A royal gesture
Local company matches gift of tulips by Dutch royal family during Second World War
Every year close to one million tulips are planted in Ottawa, a tradition started after the Dutch royal family sent Canada 100,000 tulip bulbs in recognition of Canada’s role in liberating the Netherlands during the Second World War in 1945.
Seventy years later, a Prince Edward Island company is matching the donation and sending 100,000 tulip bulbs to 140 gardens across the country.
Veseys is the biggest tulip bulb company in the country, receiving millions of bulbs annually and with clients in every province in Canada and every state in the United States.
John Barrett, director of sales, marketing and development at Veseys, said making this donation is a form of thanks to the Dutch people for their support over the years, and to the Canadian people who have continued to support the Vessey business for 76 years.
“We are just very proud to do it,” said Barrett. “We just thought it was a fitting thing… We have very close ties with Holland.”
The 100,000 bulbs will go to 140 tulip gardens across the country with each garden receiving 700 red and white tulips to represent the colours of the Canadian flag.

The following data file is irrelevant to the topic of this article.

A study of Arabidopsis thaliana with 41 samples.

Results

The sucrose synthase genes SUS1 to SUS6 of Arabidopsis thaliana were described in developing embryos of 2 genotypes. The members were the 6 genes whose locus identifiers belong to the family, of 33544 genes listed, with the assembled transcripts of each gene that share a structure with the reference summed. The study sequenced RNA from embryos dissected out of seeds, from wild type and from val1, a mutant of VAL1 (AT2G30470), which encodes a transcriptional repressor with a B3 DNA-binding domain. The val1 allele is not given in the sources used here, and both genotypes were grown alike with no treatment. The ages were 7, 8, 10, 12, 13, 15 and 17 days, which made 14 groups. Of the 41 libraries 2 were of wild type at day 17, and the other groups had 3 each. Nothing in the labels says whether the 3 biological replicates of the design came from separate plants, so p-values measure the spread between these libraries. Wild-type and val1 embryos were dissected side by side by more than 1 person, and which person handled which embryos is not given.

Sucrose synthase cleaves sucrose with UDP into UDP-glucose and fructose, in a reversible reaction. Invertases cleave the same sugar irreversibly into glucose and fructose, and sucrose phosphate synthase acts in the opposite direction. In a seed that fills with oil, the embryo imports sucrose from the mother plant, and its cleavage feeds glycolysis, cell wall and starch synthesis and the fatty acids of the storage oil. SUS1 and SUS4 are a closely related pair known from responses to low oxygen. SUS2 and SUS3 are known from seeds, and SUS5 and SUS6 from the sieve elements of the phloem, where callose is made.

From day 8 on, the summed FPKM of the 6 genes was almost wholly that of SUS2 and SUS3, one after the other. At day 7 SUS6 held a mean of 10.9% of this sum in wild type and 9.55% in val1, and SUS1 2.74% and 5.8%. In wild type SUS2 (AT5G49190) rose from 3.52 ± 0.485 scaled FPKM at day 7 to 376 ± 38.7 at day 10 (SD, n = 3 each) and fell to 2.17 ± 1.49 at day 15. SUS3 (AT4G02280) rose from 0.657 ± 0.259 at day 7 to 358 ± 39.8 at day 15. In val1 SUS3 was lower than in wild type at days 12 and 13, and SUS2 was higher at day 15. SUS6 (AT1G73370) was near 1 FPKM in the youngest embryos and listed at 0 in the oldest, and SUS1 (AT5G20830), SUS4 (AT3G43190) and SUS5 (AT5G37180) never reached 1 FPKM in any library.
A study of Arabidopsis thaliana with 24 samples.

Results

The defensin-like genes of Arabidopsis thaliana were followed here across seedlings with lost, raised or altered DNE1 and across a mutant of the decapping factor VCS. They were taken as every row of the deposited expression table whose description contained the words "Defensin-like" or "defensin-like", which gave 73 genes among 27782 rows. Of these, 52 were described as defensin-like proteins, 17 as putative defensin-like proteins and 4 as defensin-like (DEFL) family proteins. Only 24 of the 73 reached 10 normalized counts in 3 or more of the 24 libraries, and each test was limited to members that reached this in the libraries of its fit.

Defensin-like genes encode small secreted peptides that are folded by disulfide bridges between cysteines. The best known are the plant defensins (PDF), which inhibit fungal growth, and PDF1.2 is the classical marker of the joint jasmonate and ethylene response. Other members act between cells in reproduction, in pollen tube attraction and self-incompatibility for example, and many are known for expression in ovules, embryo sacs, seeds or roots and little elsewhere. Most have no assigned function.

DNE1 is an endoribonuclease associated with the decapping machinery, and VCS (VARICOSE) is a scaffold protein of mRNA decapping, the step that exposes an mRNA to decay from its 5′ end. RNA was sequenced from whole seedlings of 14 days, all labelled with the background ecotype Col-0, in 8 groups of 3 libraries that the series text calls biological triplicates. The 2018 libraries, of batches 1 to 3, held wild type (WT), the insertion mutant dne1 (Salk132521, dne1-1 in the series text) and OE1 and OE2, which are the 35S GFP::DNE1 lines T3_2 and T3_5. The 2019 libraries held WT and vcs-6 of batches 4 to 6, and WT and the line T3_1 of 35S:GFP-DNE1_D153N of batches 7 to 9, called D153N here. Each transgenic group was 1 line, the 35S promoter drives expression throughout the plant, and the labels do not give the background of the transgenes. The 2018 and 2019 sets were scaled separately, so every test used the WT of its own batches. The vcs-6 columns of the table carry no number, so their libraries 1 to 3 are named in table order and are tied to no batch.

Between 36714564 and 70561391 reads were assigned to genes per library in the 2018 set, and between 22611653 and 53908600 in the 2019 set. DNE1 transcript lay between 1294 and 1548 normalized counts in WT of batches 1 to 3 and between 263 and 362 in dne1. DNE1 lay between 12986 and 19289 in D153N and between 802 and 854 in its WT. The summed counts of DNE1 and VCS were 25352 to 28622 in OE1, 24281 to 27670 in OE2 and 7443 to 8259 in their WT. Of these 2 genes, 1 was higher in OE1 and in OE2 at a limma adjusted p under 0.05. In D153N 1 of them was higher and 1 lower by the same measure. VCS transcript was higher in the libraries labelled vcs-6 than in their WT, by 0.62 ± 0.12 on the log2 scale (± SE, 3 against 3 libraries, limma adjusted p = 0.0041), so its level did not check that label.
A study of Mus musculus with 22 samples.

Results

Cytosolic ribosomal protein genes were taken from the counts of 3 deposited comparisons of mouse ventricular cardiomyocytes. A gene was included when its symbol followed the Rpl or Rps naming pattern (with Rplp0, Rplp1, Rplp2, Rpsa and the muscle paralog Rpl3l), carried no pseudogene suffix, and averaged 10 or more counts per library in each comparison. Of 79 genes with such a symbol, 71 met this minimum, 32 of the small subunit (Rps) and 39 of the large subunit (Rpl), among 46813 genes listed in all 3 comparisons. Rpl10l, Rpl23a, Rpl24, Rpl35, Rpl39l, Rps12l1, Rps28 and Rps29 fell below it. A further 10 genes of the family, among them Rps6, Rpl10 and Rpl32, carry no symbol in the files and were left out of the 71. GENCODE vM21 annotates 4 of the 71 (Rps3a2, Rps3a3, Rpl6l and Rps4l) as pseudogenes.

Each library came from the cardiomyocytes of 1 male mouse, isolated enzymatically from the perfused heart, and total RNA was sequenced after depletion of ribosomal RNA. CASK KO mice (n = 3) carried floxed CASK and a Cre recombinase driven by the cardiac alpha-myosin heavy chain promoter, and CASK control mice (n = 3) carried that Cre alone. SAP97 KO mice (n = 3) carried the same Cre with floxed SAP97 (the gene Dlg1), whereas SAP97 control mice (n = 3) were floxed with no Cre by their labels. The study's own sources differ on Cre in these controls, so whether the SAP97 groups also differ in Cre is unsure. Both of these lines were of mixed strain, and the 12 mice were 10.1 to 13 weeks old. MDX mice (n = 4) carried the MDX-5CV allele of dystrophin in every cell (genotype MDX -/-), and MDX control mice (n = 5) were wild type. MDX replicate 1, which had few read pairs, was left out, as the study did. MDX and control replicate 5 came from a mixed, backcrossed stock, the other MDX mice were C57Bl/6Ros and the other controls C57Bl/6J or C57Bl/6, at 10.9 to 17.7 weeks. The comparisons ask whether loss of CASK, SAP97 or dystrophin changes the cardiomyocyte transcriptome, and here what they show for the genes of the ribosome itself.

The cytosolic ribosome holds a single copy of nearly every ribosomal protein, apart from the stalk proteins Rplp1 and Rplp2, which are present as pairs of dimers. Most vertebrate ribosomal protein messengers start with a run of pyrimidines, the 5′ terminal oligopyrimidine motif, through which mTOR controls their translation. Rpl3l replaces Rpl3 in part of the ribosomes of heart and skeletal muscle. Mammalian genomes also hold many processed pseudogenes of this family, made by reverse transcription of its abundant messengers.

They would have shipped red, white and blue for the Netherlands flag but there are no blue tulips, laughs Barrett.
Veseys will also be donating 7,000 red and white tulips to the Canadian Tulip Festival in Ottawa.
Any community garden, town or institution that would like to apply for this friendship tulip garden can do so by filling out a form through the Canadian Garden Council at www.canadagardenroute.ca.
The gardens will be distributed on a pro-rated population basis so they are distributed evenly, Barrett said.
“We are trying to encourage people that during the planting time this fall that they involve children and, if at all possible, they might involve some veterans.”
Canada Post has also come on board by offering to cover the costs to send these flower gardens across the country.
“They loved the concept,” said Barrett. “They loved that it commemorated the Dutch royal family and Canada’s involvement in the liberation.”
Barrett said this anniversary is a special one, noting that by the time of the 80th or 90th anniversary rolls around, there will probably be no Second World War veterans left.
“Now is the time, while there are still people who can actually remember the event.”
John Barrett, director of sales, marketing and development at Veseys, says the company is donating 100,000 red and white tulip bulbs to 140 gardens around the country to mark the 70th anniversary of Canada’s role in liberating the Netherlands during the Second World War. Community gardens can apply for the free bulbs through Canadian Garden Council at www.canadagardenroute.ca.
Princess Juliana and Prince Bernhard with their daughters Beatrix and Margriet outside St. Andrew’s Church in1943.
Canadian soldiers in the Netherlands during the Second World War.